29/03/2017 09:12 SAST | Updated 29/03/2017 09:13 SAST

The Presidency Confirmed That The Kathrada Family Doesn't Want Him At The Funeral

In a statement, the presidency said he won't be at the funeral.

Siphiwe Sibeko / Reuters
A worker walks past posters bearing the face of Veteran South African anti-apartheid activist Ahmed Kathrada, who was sentenced to life imprisonment alongside Nelson Mandela, ahead of his funeral at the Westpark Cemetery in Johannesburg, South Africa March 29, 2017. REUTERS/Siphiwe Sibeko

President Jacob Zuma will not attend the funeral of struggle stalward Ahmed Kathrada, the presidency confirmed on Wednesday. Presidency spokesperson Bongani Ngqulunga said this was in line with the Kathrada family's wishes, confirming earlier reports that the family did not want Zuma to attend.

Kathrada's funeral will take place at the Westpark Cemetary in Randburg, Johannesburg, at 10am on Wednesday morning. Kathrada will receive a state funeral.

Deputy President Cyril Ramaphosa will represent government at the funeral. Kathrada wrote a letter to Zuma asking him to stand down as President, shortly after Zuma fired former finance minister Nhlanhla Nene and replaced him with ANC parliamentary back bencher, Des Van Rooyen.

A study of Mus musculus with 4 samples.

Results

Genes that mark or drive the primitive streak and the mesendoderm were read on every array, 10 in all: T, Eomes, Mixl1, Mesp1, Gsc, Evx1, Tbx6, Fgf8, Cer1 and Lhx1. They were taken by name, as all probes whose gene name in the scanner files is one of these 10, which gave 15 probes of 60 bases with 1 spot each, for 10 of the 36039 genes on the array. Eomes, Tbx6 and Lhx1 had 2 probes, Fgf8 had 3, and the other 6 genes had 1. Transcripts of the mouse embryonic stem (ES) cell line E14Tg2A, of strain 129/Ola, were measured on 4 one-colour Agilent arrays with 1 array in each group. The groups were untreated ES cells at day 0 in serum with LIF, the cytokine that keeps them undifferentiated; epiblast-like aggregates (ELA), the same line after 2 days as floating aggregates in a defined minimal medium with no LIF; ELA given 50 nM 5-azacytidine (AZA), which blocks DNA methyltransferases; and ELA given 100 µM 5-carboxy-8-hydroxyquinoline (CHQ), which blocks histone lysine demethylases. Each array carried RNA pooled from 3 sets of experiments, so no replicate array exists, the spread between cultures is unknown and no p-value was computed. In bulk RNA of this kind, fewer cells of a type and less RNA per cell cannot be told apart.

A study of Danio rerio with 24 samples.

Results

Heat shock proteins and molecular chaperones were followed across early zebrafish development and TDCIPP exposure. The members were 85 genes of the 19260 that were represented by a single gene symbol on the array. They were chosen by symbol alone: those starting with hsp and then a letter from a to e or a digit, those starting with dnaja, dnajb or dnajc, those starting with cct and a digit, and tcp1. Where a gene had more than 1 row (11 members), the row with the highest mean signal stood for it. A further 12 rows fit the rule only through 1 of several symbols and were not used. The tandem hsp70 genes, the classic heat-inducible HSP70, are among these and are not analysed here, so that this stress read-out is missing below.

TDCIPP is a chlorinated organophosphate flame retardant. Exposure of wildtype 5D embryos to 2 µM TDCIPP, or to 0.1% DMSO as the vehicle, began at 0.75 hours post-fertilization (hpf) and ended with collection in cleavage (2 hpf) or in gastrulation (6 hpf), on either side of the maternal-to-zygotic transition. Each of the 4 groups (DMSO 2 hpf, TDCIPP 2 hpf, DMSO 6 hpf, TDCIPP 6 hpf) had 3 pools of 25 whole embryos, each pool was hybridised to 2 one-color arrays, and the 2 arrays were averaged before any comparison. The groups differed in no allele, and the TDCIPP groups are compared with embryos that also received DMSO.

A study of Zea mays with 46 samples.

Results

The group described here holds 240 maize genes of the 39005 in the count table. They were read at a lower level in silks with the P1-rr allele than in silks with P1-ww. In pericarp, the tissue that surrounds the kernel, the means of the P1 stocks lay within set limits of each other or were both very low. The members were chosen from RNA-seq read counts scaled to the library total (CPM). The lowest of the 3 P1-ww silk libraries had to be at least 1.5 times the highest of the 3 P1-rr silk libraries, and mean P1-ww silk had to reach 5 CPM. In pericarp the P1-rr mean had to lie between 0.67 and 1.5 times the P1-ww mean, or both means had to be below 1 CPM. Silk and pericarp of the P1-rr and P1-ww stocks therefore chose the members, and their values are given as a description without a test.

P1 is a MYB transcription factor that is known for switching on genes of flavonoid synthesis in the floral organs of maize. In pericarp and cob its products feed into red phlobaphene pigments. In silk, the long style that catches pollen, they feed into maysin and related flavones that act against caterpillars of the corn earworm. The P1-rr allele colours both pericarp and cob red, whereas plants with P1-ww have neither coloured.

In a statement on Wednesday, the Presidency also said Zuma postponed the start of a Cabinet meeting to Wednesday afternoon to enable members to attend the funeral.

"President Jacob Zuma has again expressed deep sadness and extended his heartfelt condolences to former Public Enterprises Minister Barbara Hogan and family on the passing of one of the most respected struggle stalwarts and former Member of Parliament.

"The nation has lost one of its valuable and most respected freedom fighters, Isithwalandwe, Mr Ahmed Mohamed Kathrada, one of the accused of the famous Rivonia Treason Trial. The passing of Mr Kathrada is a monumental loss not only to his family but to all South Africans as he was one of the fearless and dedicated architects of the free and democratic South Africa. He sacrificed his personal freedom and persevered through hardships for the liberation of all South Africa and to create a democratic, non-racial, peaceful and prosperous South Africa," the President said.

Mr Kathrada will be remembered for his discipline and the fearless leadership that he displayed which led to his arrest in 1963 in Rivonia, near Johannesburg.

He became one of the accused in the Rivonia Trial and was sentenced to life imprisonment along other struggle stalwarts, Mr Nelson Mandela, Mr Walter Sisulu, Mr Govan Mbeki, Mr Andrew Mlangeni, Mr Elias Motsoaledi, Mr Raymond Mhlaba and Mr Denis Goldberg for charges of sabotage and attempting to overthrow the apartheid government through violent means.

Mr Kathrada served 26 years in prison in which he was held at Robben Island and Pollsmoor Prisons. Following his release in 1989, he was elected to serve as a member of the democratic parliament, representing the governing party," the Presidency said.